A past vicar of Penkridge, the Rev. Cecil Littleton
would have rejected both of these attitudes. The coil of the clock snapped in 1886. He reported in the parish magazine,
“The Church Clock has been silent
now for many weeks, causing much inconvenience to the village at. To provide a new weight and coil will cost a good deal.
The clock goes and strikes for the benefit of the whole community who in this, if in
nothing else, “take their time from the Church” and we think the whole community should be asked to contribute
to the repair of what may be called common property and that the cost should not be defrayed out of the offertories.”
The combative attitude revealed in what
should have been a neutral parish announcement was typical of the man. He did not mince his words. He rebuked his parishioners,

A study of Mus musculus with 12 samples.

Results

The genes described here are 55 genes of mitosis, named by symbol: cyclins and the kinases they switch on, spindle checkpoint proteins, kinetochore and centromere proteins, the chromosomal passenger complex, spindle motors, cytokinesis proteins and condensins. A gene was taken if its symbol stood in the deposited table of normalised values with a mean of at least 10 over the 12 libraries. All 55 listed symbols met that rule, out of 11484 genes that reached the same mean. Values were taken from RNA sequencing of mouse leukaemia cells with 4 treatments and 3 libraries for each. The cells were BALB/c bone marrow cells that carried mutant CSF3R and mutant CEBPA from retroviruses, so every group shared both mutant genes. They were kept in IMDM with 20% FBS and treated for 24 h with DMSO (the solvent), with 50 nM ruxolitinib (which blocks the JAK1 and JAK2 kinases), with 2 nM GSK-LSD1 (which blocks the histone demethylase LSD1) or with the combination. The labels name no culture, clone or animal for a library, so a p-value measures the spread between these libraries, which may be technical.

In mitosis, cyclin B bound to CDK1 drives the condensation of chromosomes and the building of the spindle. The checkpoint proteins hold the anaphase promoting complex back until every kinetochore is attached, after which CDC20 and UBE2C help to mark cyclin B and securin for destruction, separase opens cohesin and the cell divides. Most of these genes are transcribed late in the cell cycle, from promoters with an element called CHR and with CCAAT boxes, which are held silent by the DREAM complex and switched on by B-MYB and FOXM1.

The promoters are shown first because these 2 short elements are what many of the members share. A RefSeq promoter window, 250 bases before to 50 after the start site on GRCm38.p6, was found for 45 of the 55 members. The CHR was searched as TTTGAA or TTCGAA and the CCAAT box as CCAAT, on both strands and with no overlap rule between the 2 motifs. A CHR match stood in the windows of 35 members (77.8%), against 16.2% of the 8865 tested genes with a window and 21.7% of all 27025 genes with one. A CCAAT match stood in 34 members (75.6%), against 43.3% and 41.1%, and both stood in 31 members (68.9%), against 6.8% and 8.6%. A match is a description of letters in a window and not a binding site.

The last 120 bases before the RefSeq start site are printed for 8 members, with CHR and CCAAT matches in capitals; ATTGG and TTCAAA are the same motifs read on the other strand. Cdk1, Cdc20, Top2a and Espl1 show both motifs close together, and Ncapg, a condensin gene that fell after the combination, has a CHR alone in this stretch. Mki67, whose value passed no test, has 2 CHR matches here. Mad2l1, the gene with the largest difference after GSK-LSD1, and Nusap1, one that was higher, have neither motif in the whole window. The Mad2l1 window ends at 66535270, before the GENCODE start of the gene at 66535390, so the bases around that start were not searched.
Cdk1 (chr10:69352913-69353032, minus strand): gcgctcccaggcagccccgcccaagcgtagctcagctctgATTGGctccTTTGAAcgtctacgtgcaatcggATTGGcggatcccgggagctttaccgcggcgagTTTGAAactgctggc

“There are some who, like the Jews
of old cry, “speak unto us smooth things” and who kick at anything like plain language. Without going out of our
way, however, to give causeless offence, the clergy have a duty to perform and that is to preach the Truth, the whole truth
and nothing but the Truth.......”.
So, his message for Lent, 1886 was unrelenting,
“The parish seems sunk in vice
and indifference. Few, comparatively speaking, avail themselves of the means of grace offered to them. While hundreds live
in such carelessness and sin that it makes us tremble to think of the Eternal future which awaits them if so living, they
When the clock was eventually repaired,
the hymn he chose for the opening ceremony was,
and Moments quickly flying,
Speed us onward to the dead;
Soon may you and I be lying,
Each within his narrow bed”.
For the Rev. Littleton the church clock
was a symbol of the relentless nature of time and the certainty of death with its threat of eternal damnation.
Thus we have three philosophies of life
and we are fortunate to be free to choose between them.